Authentic Bangladeshi food
- Barry Shelby
- 16 January 2007
Indian restaurateur Salim Miah is offering diners a taste of authentic home cooking at Voujon this month. Barry Shelby savours the differences.
Don’t let the celebrity TV chef con you. Cooking at a restaurant is barely comparable to cooking at home.
Consider the battery of assistants many restaurants have on hand. Then there are the recipes: loads of preparation, specific ingredients and techniques.
If one considers what may broadly be termed ‘ethnic’ cuisine in Great Britain, that introduces another element to this chasm. However authentic you might believe your local Indian or Chinese restaurant to be, the chances are about 99.99 to 1 that the dishes have been adapted, as they say, for the ‘local palate’.
Salim Miah of Voujon restaurant in Edinburgh’s Southside is keen to let the public see how different cooking in a typically Scottish/ Bangladeshi household can be from what he serves in his dining room. On 24 January, a ‘special handicook menu’ will feature dishes such as murghor bora, which are chicken-filled rolls similar to spring rolls, and milawat bhaji, a mix of exotic Asian vegetables.
Some of the differences probably come as no surprise. The restaurant versions are usually milder than at home and food colouring is often added to make the meals more attractive.
Other changes involve basic issues. Often food is eaten with bare hands at sub-continental homes. So a meat dish is less likely to be swimming in a rich sauce. It is hard to imagine (although it would be possible) for a Scottish restaurant to expect its patrons to eat their tea without the benefit of cutlery.
Recently, Miah allowed me to sample various dishes prepared at home by his wife, and ostensibly the same courses as they are done at Voujon. Lamb bhuna, home-style, is served as small chops on the bone, spicier and drier than the restaurant’s version of slowly cooked meat in a tomato-based sauce. Chicken korma offers similar contrasts. Home cooked, the coconut flavouring is more obvious, although the individual pieces are a bit grey compared with the creamy and much sweeter alternative done in Voujon, with its intensely bright yellow colour.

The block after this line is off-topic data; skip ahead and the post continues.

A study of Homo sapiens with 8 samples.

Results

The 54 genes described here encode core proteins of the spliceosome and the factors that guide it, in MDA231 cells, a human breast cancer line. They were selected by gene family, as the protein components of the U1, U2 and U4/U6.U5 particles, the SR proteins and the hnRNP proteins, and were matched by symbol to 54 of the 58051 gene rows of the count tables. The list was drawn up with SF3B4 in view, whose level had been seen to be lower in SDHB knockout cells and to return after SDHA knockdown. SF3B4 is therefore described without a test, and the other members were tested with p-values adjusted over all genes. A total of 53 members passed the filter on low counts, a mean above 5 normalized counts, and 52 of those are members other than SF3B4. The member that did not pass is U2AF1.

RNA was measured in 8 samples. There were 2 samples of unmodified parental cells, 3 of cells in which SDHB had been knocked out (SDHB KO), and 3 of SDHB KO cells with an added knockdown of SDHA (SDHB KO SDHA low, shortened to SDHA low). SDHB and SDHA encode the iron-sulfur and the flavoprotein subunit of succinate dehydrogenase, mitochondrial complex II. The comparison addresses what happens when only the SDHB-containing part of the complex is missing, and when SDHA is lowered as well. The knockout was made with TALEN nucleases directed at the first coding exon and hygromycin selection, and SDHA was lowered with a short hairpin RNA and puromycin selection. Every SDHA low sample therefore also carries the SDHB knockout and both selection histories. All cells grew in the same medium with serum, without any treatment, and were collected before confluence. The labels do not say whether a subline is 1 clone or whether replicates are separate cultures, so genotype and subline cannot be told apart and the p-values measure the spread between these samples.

At hom chapatis are the norm rather than naan, which requires a tandoori oven - equipment the average South Asian household will not have. At home, too, it is much more likely for the women to be in charge of the kitchen, which is rarely the case at Indian restaurants.
Why do a meal? Miah says it was because his customers kept asking him: ‘Is this what you eat at home?’ ‘I wanted to give the customer a chance,’ Miah says. ‘And to give the ladies a chance to cook. Let people taste the difference.’
If this month’s special meal goes well, Miah might do it regularly. Regardless, he is keen to get more ‘authentic’ items into Voujon’s repertoire. Already, with advance notice, diners can request a whole leg of lamb. Next to come is a whole fish, served on the bone, sourced from the Bay of Bengal.
Voujon, 107 Newington Road, 0131 667 5046. Call to book the ‘special handicook meal’, three courses for £17.95.